Her humour was many-layered. The essence would lay hidden between the layers, above them, beneath them and everywhere else. Her repertoire of anecdotes, folk songs, free verses, ditties and wisecracks was so rich that each time we prodded her a little, she would burst forth with many more juicy tales and no one would ever give it a miss.
My grandmother had stories about people and animals and people and animals connected to those people and animals and so on and so forth. She knew so many people, their personal histories, their faces and characteristic tics; the way they dressed, walked, ate, sat down and stood up—details, details, details and details.
No one complained. They just listened. And laughed.
Wrinkled and wizened, her mind would take a stroll down the past so effortlessly that she would come back with many more vignettes and memoirs and nuggets of wisdom. For her, the art of storytelling would come as easy as plucking flowers.
Sounds like a nice person? You may be wrong. She was spiteful and so casteist that she would not let anyone beyond her caste touch her. She would scream whenever a child darted out from nowhere, touched her accidentally and ran off (frightened). I remember how she used to clutch at her walking stick and point at my friends viciously meaning: “I will hit you so hard that you won’t look at the direction I sit”.
I could not invite my friends home. I hated that.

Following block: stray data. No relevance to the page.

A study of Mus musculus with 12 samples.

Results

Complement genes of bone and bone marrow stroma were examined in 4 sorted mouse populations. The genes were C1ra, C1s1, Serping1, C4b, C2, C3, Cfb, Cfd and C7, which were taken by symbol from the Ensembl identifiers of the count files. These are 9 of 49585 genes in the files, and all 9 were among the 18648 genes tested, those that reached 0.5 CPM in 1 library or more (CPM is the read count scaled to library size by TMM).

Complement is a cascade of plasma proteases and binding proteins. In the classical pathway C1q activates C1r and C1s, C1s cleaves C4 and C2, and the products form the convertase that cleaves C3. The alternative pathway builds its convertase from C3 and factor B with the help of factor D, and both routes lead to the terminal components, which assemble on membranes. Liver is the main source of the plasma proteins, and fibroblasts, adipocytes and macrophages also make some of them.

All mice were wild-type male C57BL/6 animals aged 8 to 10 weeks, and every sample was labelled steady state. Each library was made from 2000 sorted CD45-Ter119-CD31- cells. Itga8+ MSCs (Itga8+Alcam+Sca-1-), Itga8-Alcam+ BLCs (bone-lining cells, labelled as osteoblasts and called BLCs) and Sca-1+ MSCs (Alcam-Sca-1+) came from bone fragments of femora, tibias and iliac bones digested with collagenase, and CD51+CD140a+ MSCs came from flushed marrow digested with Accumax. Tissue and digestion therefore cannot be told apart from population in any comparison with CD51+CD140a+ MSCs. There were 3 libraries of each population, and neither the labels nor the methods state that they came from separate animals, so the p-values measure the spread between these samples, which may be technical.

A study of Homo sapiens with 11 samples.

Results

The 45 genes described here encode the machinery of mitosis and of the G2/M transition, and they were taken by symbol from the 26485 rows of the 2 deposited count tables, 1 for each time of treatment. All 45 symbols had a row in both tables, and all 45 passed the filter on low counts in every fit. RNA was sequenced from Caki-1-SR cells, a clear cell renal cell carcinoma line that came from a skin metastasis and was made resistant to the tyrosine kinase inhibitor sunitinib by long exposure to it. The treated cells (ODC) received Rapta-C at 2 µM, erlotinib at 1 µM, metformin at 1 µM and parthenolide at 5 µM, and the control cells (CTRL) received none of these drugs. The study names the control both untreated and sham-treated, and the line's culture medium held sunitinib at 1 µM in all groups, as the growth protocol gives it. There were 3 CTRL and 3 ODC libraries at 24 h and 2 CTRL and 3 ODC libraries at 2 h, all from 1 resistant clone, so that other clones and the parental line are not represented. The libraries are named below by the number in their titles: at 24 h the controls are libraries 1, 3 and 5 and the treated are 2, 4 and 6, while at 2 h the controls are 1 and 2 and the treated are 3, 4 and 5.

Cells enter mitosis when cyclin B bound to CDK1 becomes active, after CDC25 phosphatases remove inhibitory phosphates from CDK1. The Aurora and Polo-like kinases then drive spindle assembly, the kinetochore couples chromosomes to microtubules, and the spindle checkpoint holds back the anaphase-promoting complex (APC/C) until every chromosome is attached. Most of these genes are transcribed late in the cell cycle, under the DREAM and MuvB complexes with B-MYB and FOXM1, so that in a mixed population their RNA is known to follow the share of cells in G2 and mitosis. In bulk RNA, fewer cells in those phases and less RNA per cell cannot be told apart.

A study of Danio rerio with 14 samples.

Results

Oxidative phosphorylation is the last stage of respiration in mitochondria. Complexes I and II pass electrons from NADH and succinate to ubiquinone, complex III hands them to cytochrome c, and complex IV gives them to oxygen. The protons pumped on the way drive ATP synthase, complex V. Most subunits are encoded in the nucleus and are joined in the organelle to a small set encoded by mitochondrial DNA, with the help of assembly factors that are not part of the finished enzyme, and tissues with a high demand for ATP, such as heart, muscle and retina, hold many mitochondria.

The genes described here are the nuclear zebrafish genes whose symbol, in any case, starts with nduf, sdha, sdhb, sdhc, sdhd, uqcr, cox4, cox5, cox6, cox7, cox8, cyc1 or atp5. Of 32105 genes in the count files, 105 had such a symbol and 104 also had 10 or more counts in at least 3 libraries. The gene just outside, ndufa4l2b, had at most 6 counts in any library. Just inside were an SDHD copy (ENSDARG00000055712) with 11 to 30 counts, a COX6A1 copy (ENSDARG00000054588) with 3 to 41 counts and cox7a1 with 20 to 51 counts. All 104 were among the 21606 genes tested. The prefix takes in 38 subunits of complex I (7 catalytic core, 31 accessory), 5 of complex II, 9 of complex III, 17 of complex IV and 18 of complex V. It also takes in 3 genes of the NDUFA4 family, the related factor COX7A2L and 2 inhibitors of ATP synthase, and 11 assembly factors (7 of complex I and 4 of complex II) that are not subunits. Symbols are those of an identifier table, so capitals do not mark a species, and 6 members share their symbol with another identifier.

Years later, my marriage brought the worst out of her, as expected. “So, you proved it. You didn’t get any man within our caste? You just went away from everyone… just like that?”
“Will you care to ask about him, his family…?” I asked.
“Why would I? You are from the upper caste.”
The next time I saw her, my grandmother was lying still on the hospital bed and making faces whenever the nurse flitted in and out of the room. She looked so shrunk and sad with her hip bone broken beyond repair.
“Tell her not to come close. I don’t know which caste she is from. And you too.”
“This hospital does not care which caste you belong to. If you want to get out of here soon, be patient.”
“What do you know? I did pooja for so long, fasted on each Monday since 10. All for this?”
“Hmmm…. But you can always take a long bath when you go back home.”
“(I) chanted so many mantras, did so many rituals. Didn’t cringe even when ants bit me. All for this?
“(I) visited so many temples, so many holy places; walked miles bare-footed. All for this?”
“All for what? You just slipped in the bathroom, Avva. It can happen to anybody. Not just you?”
“What do you know?”
The nurse walked to her cot gingerly to check her blood pressure and disappeared from the room. In just two days, she was well aware of how to treat and be treated by the old woman.
“Is she doing fine?” I followed her to the door.
“Hmmm. She was so weak. Luckily we had her blood group in stock.”
“Now you know,” my teary grandmother looked at me fleetingly and turned her face as if it was my doing. Taking uncommon liberties, I sat down on the edge of her cot.
“I don’t know whose blood it was. God! What did you do to me?”
“…. It may be of someone of your caste, Avva. Why don’t you think so?”
“You think so?”
“Hmmm. Now sleep.”
My Avva became immobile and passed away a couple of years later. Her grave is silent now bedecked with flowers and poojas performed occasionally. As she sleeps under the wide and starry sky in her grave as fierce as her, I feel that one lifetime wasn’t enough to change this woman. To make her accept everyone as one. To make her think that the entire human race eventually tiptoes towards one such grave that knows no discrimination and that its boundaries merge endlessly with others’ so that the circle of life continues without a pause.